A few months ago, Facebook (FB) reported that its video-ad metrics were overinflated and that they didn't represent the true viewership for the ads.
The stock took a small hit, but mostly shrugged off the news as a non-event. It probably would be a non-event had the company not announced that another metric for its ads did the same thing.
The numbers varied by situation. For instance, in some cases the average time spent on an article was overstated by 7% to 8%, whereas in other cases double-counting certain users may lead to a 55% decline in advertisers' 4-week numbers.
It's obviously that Facebook wasn't making a deliberate effort at deceiving its customers. The company has said the new changes won't impact billing - which is what investors want to hear - and perhaps that will be the end of it.
After all, companies still want Facebook as an efficient way to reach its customers. On the other hand though, with the customer-reach numbers clearly overstated, perhaps advertisers will think twice before piling into Facebook.
Shares of Facebook closed at $116.34 Wednesday, down 0.7%.
The device will compete with Amazon's (AMZN) Kindle tablets and is priced competitively for that purpose. The Nook will be powered by Android, have access to Nook books and the Nook store, and will also have access to the Google Play store.
The device will go on sale on November 25th, Black Friday as Barnes & Noble looks to spur sales for the struggling device. In its most recent quarter, the company reported that sales had fallen 25% for the Nook.
Despite the falling Nook sales and the fact that revenues have steadily dropped for the last four years, the stock isn't too far from its 52-week highs, currently at $13.63.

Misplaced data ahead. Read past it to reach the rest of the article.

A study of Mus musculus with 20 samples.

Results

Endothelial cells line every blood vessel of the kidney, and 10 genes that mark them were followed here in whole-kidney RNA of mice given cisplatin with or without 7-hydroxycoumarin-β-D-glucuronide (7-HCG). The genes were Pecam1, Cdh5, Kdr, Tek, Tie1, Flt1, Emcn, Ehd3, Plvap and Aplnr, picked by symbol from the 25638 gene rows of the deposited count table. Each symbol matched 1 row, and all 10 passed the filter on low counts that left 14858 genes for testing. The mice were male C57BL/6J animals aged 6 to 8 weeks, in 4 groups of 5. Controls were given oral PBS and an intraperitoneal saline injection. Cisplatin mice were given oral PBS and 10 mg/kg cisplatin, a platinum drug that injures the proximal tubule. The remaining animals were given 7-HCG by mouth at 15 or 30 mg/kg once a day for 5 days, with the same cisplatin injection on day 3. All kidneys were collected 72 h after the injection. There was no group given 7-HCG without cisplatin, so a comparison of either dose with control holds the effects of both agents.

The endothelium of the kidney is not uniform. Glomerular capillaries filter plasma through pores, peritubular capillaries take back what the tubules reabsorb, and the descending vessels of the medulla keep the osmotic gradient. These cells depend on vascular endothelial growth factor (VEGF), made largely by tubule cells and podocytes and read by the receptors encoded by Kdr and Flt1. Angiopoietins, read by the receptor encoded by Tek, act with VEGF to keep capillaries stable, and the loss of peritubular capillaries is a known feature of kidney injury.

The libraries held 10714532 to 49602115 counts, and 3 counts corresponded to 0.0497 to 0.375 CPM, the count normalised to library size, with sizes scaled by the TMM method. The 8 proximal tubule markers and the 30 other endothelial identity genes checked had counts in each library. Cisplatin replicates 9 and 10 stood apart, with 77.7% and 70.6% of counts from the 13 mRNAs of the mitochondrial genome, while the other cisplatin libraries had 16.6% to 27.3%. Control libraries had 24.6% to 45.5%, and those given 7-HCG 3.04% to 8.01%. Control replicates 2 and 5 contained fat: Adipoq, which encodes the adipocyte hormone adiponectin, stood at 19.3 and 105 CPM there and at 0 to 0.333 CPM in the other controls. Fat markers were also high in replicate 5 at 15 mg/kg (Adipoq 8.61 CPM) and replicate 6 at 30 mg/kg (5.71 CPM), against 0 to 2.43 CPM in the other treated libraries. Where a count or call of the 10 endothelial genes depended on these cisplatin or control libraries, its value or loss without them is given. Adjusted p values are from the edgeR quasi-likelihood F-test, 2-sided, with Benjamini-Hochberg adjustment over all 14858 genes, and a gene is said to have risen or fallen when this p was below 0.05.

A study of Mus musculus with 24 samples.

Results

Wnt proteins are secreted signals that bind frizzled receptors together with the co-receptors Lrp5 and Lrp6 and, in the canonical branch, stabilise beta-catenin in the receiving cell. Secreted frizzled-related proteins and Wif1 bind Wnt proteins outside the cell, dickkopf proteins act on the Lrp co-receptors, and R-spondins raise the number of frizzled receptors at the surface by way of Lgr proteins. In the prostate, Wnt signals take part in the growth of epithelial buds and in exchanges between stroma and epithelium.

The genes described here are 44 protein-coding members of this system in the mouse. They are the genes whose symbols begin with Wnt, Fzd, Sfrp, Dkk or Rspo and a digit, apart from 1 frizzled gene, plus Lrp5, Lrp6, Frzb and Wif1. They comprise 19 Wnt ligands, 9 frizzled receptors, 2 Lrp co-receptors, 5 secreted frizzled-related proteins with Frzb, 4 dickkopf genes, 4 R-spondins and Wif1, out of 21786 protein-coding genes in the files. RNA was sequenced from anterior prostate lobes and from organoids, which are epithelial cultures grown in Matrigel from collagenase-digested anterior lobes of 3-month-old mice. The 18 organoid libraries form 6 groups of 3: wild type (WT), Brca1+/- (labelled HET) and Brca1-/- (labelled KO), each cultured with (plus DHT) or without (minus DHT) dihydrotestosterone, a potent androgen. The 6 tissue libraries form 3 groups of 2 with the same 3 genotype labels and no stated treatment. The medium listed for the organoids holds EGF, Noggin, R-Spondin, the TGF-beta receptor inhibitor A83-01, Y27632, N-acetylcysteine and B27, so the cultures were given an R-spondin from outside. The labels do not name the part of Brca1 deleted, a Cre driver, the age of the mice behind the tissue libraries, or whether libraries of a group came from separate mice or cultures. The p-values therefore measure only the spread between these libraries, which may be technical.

Well, I guess it's not all that close, but currently trading near $12, it's a lot closer to its 52-week high than its 52-week low of $7.25.
Shares of Barnes & Noble closed at $11.80 Wednesday, down 0.8%.
The building will fit 7,000 employees, 3,000 of which will be new hires. There were serious questions over whether Google would go forward with the expansion given the country's Brexit vote earlier this year.
However, the company apparently won't let that be the reason for foregoing expansion.
The city mayor views it as a vote of confidence not just in regards to the Brexit, but also the growing technology hub that London has become. On the matter, mayor Sadiq Khan said:
"London is one of the world's leading technology hubs and investment into the capital post-Brexit remains robust, so Google's expansion will further strengthen our city's reputation as a global leader in digital technology."
The company plans to complete the move in 2018.
Shares of Alphabet closed at $779.98 Wednesday, up 0.6%.